Date of Award

12-2008

Document Type

Dissertation

Degree Name

Doctor of Philosophy (PhD)

Legacy Department

Physics and Astronomy

Advisor

Daw, Murray S

Committee Member

Manson , Joseph R

Committee Member

Sosolik , Chad E

Committee Member

Brittain , Sean

Abstract

With the recent advancements in computer technologies and the improvements in simulation algorithms, along with the theories, has allowed scientists to carry out diffusion calculations more efficiently, especially for the cases where either the diffusion itself takes longer, or there is no available isotope to carry out the diffusion experiments such as tracer diffusion.
In this work, we present a systematic approach to diffusion in intermetallic alloys such as weakly clustered Cu — Ni and weakly ordered Au — Ag. We use Accelerated Molecular Dynamics (AMD) combined with the Embedded Atom Method (EAM) to find the necessary saddlepoint energies. With this technique, we calculate the tracer diffusivity coefficients for Cu — Ni (temperature range 700 — 1300K) and for Au — Ag (temperature range 800 — 1300K) as a function of composition and temperature. We assume that the vacancy-assisted diffusion mechanism is governing the whole process. In our calculations we keep the vacancy concentration fixed. We observe that the results are in agreement with Arrhenius behavior as discussed in detail in Chapter 4: Results. However closer to critical temperature, the results are overwhelmed by statistical fluctuations.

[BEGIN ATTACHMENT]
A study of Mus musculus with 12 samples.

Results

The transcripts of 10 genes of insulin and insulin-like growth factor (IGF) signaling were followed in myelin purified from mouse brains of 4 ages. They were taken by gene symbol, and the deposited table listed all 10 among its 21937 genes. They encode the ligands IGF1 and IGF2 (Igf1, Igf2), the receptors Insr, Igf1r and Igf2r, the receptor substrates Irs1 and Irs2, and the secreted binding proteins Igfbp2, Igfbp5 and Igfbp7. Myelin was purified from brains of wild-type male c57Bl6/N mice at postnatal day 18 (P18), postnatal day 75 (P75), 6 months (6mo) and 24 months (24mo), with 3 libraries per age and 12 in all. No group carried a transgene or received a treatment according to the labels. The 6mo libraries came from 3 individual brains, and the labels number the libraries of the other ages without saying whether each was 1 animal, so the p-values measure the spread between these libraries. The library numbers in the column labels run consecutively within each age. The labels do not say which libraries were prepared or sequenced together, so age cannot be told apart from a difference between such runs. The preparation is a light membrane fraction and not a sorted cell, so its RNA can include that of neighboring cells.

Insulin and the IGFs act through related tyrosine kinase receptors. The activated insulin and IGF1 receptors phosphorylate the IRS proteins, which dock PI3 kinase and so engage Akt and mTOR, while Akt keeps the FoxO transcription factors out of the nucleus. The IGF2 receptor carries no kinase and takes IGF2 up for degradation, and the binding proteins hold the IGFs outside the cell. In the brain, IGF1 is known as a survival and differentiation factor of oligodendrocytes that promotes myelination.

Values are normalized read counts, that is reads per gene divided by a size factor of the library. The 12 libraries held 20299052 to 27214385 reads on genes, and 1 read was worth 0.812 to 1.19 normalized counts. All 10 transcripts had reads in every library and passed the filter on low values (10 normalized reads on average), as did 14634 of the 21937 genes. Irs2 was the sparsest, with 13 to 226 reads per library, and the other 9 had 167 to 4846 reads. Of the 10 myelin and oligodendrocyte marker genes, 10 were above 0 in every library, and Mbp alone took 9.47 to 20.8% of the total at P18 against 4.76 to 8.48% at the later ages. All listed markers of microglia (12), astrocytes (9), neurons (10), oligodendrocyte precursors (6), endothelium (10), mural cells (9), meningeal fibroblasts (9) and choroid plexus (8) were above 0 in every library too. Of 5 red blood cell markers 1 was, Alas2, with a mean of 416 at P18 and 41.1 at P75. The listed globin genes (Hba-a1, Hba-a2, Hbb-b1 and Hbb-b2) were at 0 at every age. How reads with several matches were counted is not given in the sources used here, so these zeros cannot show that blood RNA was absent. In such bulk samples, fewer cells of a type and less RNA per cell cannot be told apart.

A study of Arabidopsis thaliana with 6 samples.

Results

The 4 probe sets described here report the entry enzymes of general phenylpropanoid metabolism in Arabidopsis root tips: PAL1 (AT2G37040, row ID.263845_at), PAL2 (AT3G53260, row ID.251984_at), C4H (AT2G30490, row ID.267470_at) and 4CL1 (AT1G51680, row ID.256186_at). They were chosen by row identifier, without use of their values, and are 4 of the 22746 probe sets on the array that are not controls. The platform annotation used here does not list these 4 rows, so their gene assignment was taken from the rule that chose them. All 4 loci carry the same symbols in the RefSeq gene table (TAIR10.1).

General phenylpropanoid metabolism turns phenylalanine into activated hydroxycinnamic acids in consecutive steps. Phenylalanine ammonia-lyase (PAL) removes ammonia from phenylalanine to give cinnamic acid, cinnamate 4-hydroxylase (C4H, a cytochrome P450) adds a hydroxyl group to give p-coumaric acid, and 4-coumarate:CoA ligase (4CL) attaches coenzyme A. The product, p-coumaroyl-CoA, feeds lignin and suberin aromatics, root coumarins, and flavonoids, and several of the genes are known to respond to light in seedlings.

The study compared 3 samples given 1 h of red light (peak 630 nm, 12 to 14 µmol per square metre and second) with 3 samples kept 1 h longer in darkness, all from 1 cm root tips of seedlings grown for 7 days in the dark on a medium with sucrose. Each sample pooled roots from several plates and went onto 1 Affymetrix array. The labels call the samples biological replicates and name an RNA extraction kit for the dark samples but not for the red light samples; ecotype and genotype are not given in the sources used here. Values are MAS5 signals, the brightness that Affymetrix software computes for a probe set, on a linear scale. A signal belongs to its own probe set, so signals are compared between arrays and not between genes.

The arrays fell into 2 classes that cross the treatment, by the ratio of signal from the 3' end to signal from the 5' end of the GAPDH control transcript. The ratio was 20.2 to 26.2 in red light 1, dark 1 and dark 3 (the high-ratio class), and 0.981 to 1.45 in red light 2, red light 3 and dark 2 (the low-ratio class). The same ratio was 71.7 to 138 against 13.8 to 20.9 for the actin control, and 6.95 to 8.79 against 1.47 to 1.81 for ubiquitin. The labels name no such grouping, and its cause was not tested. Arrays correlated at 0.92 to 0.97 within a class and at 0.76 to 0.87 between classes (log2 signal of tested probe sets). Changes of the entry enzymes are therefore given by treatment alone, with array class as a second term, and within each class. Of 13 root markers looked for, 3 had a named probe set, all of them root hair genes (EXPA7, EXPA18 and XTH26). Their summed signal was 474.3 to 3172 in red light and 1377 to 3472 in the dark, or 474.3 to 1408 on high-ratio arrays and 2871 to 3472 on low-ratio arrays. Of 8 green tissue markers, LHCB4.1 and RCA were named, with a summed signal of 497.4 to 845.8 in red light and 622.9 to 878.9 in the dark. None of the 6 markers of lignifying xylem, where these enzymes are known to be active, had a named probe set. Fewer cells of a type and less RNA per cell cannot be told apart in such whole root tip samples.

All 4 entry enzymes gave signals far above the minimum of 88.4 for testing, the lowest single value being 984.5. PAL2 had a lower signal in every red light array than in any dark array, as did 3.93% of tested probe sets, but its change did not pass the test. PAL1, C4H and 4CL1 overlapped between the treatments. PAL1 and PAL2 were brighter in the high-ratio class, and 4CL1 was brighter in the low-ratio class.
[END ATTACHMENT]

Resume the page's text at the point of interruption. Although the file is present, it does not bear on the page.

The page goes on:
During the simulations at low temperatures, we sometimes find that the vacancy spends a large number of steps moving locally without accomplishing significant displacements or accumulating much simulated time. To overcome this 'sandtrap' problem, we develop a systematic approach which is discussed in Chapter 5: Sandtrap Limitation and How to Overcome it in detail.
We also analyze the motion and the 'width' of the Anti-Phase Boundary (APB) perpendicular to its slip plane for Ni3Al using the same approach mentioned above for various temperatures (1000, 1200 and 1500K) under no driving force. We create the APB in the center of the sample and observe its motion. In addition, we create the APB farther away from the center and fix the atoms at the end of each side. This puts a bias on the motion of the APB by limiting the number of possible escapes in a certain direction, thus 'forcing' it to move towards the center. We observe the motion of the APB and the results are discussed in detail in Chapter 4: Results.